There are numerous opportunities for Huawei in China and in Europe, as the company looks to ramp up production of its 5G base stations
Huawei will continue with “business as usual”, despite the US deciding to blacklist the Chinese tech vendor. Speaking at the Mobile World Congress event in Shanghai earlier today, the company’s rotating chairman, Ken Hu, said that the US ban would have “no impact, whatsoever” on his company’s ability to deliver on its 5G commitments.
“We see no substantial evidence whatsoever for banning Huawei from doing business in the US. Over the past month we have taken a number of steps to minimise the impact of the ban on our business,” he said.
Hu said that Huawei had already shipped 150,000 5G base stations to international markets, as part of the 50 5G launch deals it has signed with 30 operators across the world. Huawei continues to see strong international support, particularly in Europe, where it has landed 28 5G launch deals.
Hu said that Huawei would look to increase its 5G base station shipments in the coming months, with a target of supplying 500,000 base stations by the end of the year.
While Europe and the Middle East continue to be key markets for Huawei, it will also see strong demand from its home market of China, as the country’s big three mobile network operators look to push ahead with large scale 5G network deployment in 2020. Given the scale of China’s 5G rollout, it is estimated that China’s mobile network operators will require hundreds of thousands of base stations each, with Huawei expected to supply at least 30 per cent of them.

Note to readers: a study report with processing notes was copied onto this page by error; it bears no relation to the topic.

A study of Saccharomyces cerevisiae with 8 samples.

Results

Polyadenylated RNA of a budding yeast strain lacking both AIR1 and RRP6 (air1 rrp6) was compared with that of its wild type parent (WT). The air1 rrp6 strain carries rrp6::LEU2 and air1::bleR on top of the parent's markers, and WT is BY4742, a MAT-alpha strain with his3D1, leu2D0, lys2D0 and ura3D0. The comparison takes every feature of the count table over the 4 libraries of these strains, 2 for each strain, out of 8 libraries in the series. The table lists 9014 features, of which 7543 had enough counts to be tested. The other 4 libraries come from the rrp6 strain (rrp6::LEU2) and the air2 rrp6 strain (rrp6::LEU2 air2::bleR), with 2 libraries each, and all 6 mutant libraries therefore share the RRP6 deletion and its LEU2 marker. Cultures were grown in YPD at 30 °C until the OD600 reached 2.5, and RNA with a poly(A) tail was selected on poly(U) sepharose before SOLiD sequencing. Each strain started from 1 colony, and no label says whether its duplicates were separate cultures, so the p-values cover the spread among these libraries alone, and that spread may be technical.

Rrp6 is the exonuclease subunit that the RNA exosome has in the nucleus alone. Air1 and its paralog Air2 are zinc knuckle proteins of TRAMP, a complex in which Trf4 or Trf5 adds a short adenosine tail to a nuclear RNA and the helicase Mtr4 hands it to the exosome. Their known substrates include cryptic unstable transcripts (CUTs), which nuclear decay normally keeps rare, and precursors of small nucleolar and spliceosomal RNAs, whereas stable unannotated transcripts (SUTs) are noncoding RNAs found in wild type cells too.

Turning his attention back to current events in Europe, Hu remained upbeat, even as the US continues to cajole its allies into banning Huawei from their 5G networks.
“We will continue with our long-term strategy of supplying the best products at the best prices to our customers. We fully understand the complexity of 5G and the security concerns around 5G are legitimate ones.
“The EU’s current view is that technology is technology – there needs to be a set of neutral, common standards that are applied to everyone, instead of the current ideological based arguments used to punish certain vendors. We are fully supportive of this view.”